In “the stigma(ta) of autopsy. [an introduction]” Trisha Low writes: “[Kim] Rosenfield’s book is a bricolage of dense and tenuous single-line poems, swelling at mid-section, only to bleed away.” She goes on to refer to this text as “a dynamic dream-state of everyday language, grammatical imperatives and overheard clausal-tidbits” and rather conclusively states: “our only readerly option is to follow these poems.” I would beg to differ. Considering two successive lines on just as many pages which read “How long did you wait? / I waited for you for nearly an hour” as “single-line poems” is a bit of a stretch. We may choose to follow the stilted and fragmentary conversation(s) scattered throughout the book or we might just as well choose not to.
This is “No more, no less than the study of intonation.” We’re told: “We give to you, in large measure, the renovation and extension of our battery of micro-conversations and of our illustrated system of vocalized consonants” and that this is “our laboratory of creation” full of “structure exercises and our micro-conversations.” We also learn that:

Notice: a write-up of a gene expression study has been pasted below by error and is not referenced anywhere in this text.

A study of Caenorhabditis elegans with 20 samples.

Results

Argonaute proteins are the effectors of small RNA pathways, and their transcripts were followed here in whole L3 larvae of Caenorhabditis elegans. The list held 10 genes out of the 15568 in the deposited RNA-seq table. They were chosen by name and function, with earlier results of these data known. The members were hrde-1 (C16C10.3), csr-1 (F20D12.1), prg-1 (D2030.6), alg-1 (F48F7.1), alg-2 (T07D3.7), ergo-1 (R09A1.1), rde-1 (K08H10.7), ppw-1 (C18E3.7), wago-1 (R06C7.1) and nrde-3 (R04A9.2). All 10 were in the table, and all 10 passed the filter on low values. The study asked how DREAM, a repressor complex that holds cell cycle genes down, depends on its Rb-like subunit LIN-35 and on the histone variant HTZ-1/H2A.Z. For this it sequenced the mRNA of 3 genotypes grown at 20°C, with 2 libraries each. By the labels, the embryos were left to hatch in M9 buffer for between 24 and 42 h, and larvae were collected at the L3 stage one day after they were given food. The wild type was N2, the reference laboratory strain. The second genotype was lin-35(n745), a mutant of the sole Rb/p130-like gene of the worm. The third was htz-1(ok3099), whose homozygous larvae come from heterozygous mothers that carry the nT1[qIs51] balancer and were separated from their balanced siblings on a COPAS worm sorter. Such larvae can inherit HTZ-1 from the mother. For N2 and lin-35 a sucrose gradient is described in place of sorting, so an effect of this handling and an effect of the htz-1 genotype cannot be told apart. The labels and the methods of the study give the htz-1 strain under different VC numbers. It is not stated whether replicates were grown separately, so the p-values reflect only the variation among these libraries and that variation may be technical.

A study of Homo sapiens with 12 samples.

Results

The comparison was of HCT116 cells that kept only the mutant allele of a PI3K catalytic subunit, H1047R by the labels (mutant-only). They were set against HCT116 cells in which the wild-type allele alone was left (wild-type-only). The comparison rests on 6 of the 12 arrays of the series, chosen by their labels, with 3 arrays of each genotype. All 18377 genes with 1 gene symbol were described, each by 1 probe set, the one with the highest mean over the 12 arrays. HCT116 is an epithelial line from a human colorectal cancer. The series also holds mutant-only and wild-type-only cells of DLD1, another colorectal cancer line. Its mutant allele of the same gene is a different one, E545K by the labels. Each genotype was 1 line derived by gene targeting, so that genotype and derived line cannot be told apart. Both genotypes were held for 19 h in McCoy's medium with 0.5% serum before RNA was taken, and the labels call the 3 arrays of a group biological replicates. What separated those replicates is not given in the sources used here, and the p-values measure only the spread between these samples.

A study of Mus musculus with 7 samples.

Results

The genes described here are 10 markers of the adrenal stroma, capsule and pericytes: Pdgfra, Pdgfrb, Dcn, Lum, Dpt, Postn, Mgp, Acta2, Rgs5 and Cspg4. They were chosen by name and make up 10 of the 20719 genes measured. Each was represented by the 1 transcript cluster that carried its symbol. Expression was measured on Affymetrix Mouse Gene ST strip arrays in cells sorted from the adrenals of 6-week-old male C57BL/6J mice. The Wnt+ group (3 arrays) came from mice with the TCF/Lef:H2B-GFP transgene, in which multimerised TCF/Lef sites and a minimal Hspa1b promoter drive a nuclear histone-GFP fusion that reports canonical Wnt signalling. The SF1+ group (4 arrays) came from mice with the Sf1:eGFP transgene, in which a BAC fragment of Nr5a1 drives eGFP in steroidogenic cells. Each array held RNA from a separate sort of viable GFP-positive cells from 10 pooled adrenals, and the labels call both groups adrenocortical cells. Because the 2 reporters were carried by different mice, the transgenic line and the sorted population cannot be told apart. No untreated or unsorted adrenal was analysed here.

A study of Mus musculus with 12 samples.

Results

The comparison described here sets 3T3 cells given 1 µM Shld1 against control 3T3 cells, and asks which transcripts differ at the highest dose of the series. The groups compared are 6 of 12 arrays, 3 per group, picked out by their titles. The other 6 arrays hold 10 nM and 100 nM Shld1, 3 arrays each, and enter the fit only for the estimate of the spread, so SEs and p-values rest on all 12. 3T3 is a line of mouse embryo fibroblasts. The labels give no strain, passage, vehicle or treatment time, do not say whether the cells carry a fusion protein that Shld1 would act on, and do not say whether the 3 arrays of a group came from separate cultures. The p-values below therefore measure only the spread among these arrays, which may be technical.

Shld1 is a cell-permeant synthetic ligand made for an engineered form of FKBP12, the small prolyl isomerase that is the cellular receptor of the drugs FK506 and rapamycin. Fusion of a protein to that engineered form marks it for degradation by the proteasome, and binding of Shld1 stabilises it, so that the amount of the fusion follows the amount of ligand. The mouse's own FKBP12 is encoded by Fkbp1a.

The expired air can then sound like a noise of rubbing.
For f and v for example, the recalcitrant letters are formed by the superior incisors pushing on the interior lip.
For s and z—this endpoint of language comes very close to touching the hard palace.
One’s body and language are entwined. Speech is a physical act. How we use language defines bodily elements of our consciousness. A quick on-line search for the meaning of the term lividity turns it up as “a state of discoloration which may often be the result of an onslaught of unbridled fury.” There’s a clear visceral quality to the word that this text yearns after, boxing itself in a bit as performativity outweighs concerns more poetic and/or literary.